December 18, 2011: The U.S. Army and Marine Corps have a training problem. A decade of combat and so many troops who have gone to fight in Iraq and Afghanistan multiple times has produced troops who are more difficult to train in peacetime. That's because decades of training efforts were directed at instructing troops who had not seen combat. But these techniques were not exact simulations of combat. These techniques were meant to get rookies better prepared to survive their first hours, days, and weeks of combat. After that they were experienced or dead (or in a hospital somewhere). The problem now is that many, in some cases a majority, of troops in a platoon have combat experience. Try and run them through that rookie stuff and you will have morale problems.
So the army and marines are confronting this situation as an opportunity, not a problem. In the last decade a lot of new training technology has been developed and proven. But this stuff was still directed at rookies. The best example was the convoy security simulators that quickly got combat, and non-combat, troops up to speed on how to survive running convoys through hostile territory. Experienced troops found these simulators a form of practice, or even entertainment, as long as they kept up with battlefield changes and maintained a useful level of realism. The realism element was very important. It was a matter of life or death.
But it will not always be possible to maintain wartime levels of realism in training. One of the biggest problems will be the budget cuts, which mean less firing of live (as opposed to simulated) ammunition. In the last decade, the military spent billions of dollars a year to provide the troops with lots of live ammo for training. This made a difference. That has led to developing even more realistic simulated ammunition. This may solve the problem.
This has led to a new type of combat simulator, which was a side-effect of attempts to create accurate combat simulations for infantry troops. Making accurate simulations has always been a challenge. But then sims, like VirtuSphere showed up, using technology and techniques right out of video games. These came a lot closer than any previous attempt to provide infantry with a realistic computer training simulation.
Think of VirtuSphere as the ultimate FPS (First Person Shooter) video game. It works like this. The player (trainee) uses a goggles display, which makes it appear that a huge computer display is right in front of him. The player then enters a ten foot diameter plastic sphere that rotates, in all directions, on a stationary track mechanism. The motion of the sphere is linked electronically to the game software, and the trainee sees the movement he makes, walking or running inside the sphere, reflected in his display of the photo-realistic battlefield. His weapons are similarly wired into the game. A similar system, VIRTSIM, has up to twelve soldiers moving around in a 50 by 100 foot area that is wired to record their movements in a video game (seen through the goggles type display.)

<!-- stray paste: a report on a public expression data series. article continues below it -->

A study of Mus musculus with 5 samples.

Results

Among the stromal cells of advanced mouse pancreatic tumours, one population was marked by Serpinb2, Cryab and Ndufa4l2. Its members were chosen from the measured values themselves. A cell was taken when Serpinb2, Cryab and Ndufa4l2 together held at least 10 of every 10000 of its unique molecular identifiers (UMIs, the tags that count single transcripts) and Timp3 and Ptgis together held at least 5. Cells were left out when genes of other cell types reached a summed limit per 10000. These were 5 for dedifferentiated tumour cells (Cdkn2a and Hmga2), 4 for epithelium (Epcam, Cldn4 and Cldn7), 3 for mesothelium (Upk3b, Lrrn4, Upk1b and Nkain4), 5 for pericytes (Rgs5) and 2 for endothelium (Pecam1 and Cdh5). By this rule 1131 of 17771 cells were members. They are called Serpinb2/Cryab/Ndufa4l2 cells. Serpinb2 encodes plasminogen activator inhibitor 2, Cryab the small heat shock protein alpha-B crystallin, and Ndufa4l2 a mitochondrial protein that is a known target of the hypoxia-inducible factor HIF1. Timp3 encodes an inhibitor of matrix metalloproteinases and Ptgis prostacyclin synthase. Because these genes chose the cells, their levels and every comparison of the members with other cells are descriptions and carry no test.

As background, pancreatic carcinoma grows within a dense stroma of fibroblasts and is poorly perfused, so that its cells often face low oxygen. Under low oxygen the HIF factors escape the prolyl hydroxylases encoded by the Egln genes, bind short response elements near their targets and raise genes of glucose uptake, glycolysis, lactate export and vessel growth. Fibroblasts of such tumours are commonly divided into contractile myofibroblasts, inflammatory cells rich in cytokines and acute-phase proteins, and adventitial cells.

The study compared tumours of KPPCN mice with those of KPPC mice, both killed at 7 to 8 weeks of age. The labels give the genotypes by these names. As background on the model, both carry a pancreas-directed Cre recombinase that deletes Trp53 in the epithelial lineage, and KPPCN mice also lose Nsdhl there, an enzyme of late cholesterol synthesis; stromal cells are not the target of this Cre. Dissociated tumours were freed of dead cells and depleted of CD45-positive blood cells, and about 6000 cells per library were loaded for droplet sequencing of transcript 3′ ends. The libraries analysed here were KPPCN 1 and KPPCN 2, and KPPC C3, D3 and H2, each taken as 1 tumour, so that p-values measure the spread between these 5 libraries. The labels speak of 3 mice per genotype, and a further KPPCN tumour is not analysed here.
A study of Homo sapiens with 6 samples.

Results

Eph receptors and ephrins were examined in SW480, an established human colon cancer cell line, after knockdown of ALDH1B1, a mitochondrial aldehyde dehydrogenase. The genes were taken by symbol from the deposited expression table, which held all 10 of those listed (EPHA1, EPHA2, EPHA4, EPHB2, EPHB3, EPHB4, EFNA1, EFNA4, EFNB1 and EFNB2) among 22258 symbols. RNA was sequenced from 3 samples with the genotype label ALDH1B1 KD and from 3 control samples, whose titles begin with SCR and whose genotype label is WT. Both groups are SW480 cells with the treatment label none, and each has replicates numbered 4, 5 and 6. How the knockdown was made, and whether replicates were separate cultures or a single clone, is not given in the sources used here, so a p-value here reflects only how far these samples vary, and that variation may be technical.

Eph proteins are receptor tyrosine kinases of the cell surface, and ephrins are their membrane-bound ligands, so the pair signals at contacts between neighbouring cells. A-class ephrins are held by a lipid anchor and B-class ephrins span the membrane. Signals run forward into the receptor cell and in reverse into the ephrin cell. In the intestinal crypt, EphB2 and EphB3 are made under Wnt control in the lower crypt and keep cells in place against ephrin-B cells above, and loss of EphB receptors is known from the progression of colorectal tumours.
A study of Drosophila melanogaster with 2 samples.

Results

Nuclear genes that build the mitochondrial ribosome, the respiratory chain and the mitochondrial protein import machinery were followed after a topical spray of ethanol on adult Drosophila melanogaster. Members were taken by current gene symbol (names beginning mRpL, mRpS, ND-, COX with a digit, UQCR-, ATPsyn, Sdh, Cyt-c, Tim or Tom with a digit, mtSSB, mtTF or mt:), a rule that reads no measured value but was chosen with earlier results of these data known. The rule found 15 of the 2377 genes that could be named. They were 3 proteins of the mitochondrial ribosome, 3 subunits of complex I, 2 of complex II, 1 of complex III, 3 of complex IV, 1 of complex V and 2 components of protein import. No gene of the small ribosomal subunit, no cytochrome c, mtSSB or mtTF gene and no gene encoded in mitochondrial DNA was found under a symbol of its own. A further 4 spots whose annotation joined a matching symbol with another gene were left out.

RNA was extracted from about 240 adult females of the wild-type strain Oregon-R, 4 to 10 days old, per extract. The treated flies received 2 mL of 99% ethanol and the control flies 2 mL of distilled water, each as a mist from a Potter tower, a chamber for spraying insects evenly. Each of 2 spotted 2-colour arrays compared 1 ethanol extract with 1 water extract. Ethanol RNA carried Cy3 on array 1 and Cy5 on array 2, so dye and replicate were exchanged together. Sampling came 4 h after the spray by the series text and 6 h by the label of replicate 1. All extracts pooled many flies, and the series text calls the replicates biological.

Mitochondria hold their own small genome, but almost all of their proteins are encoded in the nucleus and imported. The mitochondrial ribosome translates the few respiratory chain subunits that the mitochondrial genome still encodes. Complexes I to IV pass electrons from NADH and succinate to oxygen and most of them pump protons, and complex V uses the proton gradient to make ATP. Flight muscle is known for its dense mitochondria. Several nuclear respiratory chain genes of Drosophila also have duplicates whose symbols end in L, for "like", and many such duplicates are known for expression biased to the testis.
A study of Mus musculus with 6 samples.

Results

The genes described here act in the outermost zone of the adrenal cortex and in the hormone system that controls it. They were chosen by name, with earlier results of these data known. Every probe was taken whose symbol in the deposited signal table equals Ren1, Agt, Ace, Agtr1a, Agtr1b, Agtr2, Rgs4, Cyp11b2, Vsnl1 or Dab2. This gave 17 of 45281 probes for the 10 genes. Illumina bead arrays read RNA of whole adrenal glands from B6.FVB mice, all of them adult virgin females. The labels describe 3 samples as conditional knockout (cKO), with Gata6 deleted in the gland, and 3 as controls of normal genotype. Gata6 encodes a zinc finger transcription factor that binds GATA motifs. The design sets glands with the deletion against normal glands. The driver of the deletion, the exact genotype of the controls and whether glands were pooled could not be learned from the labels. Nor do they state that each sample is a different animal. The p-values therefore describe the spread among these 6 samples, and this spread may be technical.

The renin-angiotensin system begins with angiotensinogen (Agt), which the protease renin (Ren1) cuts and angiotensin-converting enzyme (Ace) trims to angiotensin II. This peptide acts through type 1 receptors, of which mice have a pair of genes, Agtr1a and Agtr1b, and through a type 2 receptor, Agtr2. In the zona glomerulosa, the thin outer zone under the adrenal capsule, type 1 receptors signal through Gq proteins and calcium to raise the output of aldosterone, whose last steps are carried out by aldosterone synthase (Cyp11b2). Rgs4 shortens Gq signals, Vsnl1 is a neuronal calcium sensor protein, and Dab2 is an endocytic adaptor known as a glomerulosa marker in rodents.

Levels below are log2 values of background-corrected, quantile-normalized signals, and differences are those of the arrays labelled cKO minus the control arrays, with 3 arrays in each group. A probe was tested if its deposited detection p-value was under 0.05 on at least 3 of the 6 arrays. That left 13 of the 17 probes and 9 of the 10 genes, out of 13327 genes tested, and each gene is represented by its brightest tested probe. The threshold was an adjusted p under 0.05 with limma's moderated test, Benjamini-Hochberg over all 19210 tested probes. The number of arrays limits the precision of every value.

Both systems have found customers (like the U.S. Army, the FBI, and other police organizations), at least for evaluation. There are twenty VirtuSphere systems in use now, with two of the latest ones bought by the U.S. Air Force. These were installed at the Air University which trains officers to handle command and staff jobs. VirtuSphere is used to expose these officers to past and future ground combat situations in a very realistic manner. The air force got VirtuSphere because their officer students are very much into technology and would quickly get into VirtuSphere, and benefit from the more realistic and immersive simulation experience. The Air University also uses their VirtuSphere systems to network and train with other schools that also have the equipment (West Point, Harrisburg University, and Stanford University). While VirtuSphere was designed with infantry training in mind it has attracted more interest from schools that train officers, not troops. The air force has found that its commanders and staff officers are more effective if they have a good understanding of ground combat and how troops on the ground operate. VirtuSphere gives officer students some exposure to all of that, quickly and effectively.
The military knows that they will not be able to simply use less realistic training and wait for the combat veterans to depart (via leaving the military by not reenlisting or retiring). That's because another new development (started back in the 1980s) was to capture experience in databases and multi-media formats. Thus it's not possible to go back to ignorance (about how actual combat works) as has happened to combat troops for centuries. Thus there is a lot of enthusiasm for maintaining and improving more realistic combat simulations. Another reason for this is to speed up the retraining of troops for different kinds of warfare. In the last decade, all the combat has been against irregulars. But there's still the possibility of war with an organized and well-equipped force. Handling that requires a different set of skills, and more effective training methods and simulators makes it possible to get you troops ready quickly and effectively.